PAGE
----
In partnership with SA’s top medical aesthetic companies
overarching thing that makes South Africa unique is the gift we’ve been given through
the diversity in our nation’s ethnic and cultural heritage. Whatever our
beliefs - no matter who we are, we have all been enriched by the influence of
one another’s cultures, which we celebrate on Heritage Day. The biggest
celebration of all is the fact that we live together in one beautiful country.
South African skin types and concerns
diversity of South Africa’s people is easily visible in our range of skin
tones. While all skins have many commonalities in function, each skin type –
and by type we are referring to shade, rather than skin condition such as
oily/dry/normal - has unique features that require us to treat them slightly
differently in order to keep them healthy and treat their concerns effectively.
medical scale called the Fitzpatrick Scale categorises our skin tones into 6
different skin types, ranging from skin type 1 (extremely pale) to skin type 6,
which is very dark. While some of us may question why we need this, in a
sundrenched country like SA, understanding this scale is crucially important
because it helps us know how our skin reacts to the sun and injury, and since sun damage from UV exposure is the
chief cause of premature ageing and skin cancer (a contest in which we are
world leaders, sadly), knowing where we stand is the first step to keeping our
skin at its best.
TIP: when identifying your skin type, look
at the shade of skin not regularly exposed to sun, such as your breasts or
groin area, to determine your true skin tone.
Type 1 is very pale, can be
freckled and often comes with blond or red hair and pale eyes. This
skin type is super-sensitive to the sun’s rays, burns very easily and is likely
to get severe sun damage from UV exposure if not protected properly. You are at
high risk for skin cancers and need to take high care in the sun
to protect yourself against UV exposure.
Skin Type 2 is light or fair-skinned,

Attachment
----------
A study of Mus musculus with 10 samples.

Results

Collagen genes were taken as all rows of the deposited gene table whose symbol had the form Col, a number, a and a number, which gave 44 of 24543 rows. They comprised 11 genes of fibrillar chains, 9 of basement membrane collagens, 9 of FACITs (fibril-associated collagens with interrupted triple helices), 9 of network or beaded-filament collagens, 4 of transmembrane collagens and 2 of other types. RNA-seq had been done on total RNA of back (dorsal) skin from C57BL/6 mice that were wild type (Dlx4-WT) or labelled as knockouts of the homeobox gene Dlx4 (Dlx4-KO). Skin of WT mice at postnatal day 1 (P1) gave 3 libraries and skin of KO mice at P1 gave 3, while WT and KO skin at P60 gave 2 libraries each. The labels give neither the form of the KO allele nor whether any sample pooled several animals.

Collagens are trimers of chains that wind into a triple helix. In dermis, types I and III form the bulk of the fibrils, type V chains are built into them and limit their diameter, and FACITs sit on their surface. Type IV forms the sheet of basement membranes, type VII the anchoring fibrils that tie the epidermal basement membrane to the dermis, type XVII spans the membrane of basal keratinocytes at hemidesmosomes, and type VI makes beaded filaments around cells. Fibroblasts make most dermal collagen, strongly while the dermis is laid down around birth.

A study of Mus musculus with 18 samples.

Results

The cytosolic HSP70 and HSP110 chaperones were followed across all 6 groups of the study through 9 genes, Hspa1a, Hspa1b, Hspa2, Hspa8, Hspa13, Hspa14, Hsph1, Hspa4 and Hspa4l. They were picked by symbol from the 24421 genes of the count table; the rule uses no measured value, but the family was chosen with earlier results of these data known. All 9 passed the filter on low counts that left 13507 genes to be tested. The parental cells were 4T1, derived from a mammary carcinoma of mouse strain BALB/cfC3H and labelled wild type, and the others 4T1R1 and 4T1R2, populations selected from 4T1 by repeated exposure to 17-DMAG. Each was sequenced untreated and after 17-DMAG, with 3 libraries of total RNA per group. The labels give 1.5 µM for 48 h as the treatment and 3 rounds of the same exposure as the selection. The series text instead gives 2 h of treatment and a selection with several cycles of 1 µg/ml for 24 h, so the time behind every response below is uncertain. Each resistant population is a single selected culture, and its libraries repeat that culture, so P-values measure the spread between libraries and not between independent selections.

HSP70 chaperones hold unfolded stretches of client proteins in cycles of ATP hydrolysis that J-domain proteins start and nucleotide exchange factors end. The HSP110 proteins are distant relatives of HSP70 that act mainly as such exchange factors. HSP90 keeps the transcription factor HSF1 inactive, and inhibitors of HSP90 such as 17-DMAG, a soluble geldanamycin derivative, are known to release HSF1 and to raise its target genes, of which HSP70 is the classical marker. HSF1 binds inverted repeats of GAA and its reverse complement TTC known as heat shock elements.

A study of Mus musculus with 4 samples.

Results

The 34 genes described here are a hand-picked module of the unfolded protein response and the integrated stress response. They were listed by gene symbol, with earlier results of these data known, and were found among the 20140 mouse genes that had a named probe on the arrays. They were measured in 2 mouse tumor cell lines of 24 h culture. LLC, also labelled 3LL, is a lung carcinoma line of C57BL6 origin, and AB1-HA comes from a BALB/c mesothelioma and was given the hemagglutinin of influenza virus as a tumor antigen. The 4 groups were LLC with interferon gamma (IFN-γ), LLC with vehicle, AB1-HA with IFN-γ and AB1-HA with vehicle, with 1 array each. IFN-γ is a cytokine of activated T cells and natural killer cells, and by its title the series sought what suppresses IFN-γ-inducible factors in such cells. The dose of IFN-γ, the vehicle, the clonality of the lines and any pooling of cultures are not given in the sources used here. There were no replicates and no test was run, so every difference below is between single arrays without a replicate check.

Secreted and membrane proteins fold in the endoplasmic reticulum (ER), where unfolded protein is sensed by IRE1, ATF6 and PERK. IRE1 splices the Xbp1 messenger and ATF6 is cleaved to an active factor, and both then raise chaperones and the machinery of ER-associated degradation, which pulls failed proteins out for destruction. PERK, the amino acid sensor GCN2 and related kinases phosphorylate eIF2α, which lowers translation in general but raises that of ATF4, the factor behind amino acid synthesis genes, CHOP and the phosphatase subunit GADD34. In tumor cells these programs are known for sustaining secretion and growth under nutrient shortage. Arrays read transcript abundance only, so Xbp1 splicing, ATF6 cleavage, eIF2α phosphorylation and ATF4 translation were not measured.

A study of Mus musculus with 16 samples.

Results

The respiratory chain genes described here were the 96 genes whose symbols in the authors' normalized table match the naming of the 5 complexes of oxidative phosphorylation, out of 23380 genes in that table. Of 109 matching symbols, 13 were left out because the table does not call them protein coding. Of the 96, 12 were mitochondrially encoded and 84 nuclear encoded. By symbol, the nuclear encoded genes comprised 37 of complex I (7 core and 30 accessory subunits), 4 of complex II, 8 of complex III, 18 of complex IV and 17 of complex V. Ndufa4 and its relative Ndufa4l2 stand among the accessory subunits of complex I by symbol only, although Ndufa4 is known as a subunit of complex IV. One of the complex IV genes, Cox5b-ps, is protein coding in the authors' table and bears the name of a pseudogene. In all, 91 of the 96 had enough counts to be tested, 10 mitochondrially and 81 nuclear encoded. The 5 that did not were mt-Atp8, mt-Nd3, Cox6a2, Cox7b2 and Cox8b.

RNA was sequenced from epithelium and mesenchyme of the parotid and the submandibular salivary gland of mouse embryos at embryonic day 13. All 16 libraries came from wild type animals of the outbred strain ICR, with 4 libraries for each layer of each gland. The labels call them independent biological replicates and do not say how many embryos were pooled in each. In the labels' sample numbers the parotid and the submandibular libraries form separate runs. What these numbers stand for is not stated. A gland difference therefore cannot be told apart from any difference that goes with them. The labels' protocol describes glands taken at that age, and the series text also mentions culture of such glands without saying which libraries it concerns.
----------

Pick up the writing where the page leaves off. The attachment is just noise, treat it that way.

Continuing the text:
generally with pale hair and blue eyes. You
can get a light tan when exposed to the sun gradually, but you are more likely
to get sunburnt, and you have a high risk for skin cancers. You need to take proper care in the
sun to protect against UV exposure.
Type 3 is still fair. However, it
is slightly darker than those with skin types 1 and 2. You
can tan and become light bronze when exposed to the sun, but are still at high
risk for skin cancers.
Type 4 has olive skin tones,
mostly with dark hair and usually brown eyes. Generally people who fall into
this category have a Mediterranean background. Even
though you tan easily and rarely burn, you still need to take care in the sun
to protect yourself against UV rays, as sun damage can be seen as dark
pigmentation marks, etc. While much lower than the skin types above, you still
have a risk of skin cancers.
Type 5 has an olive / dark skin
tone, and includes coloured, light-skinned African, Indian and Middle Eastern
skin tones. You
very rarely burn and skin cancers are not common. Care should, however, still
be taken in the sun to avoid sun damage such as pigmentation marks, etc. You
carry a small risk of skin cancer.
Type 6 have a dark brown skin colour. Even
though you rarely burn, you still need to take care to protect yourself in the
sun from UV damage and dark patches. Your skin type is not predisposed to
UV-induced skin cancer, however, the most common form of skin cancer in your
community is melanoma, the deadliest form, found mostly under the feet and nails.
For this reason, you need to check yourself once a month for any suspicious
To find out more about the different
skin types and the treatments that are suitable to treat your concerns, as well
as the four
pillars to maintain a youthful skin, visit Skin Renewal at www.skinrenewal.co.za or take our free assessment and get product
recommendation based on your skin type.
Take the quick Beyond Beauty Survey and you could win a R2 000 Skin Renewal voucher to spend in our online store, with free delivery within South Africa. T&Cs apply.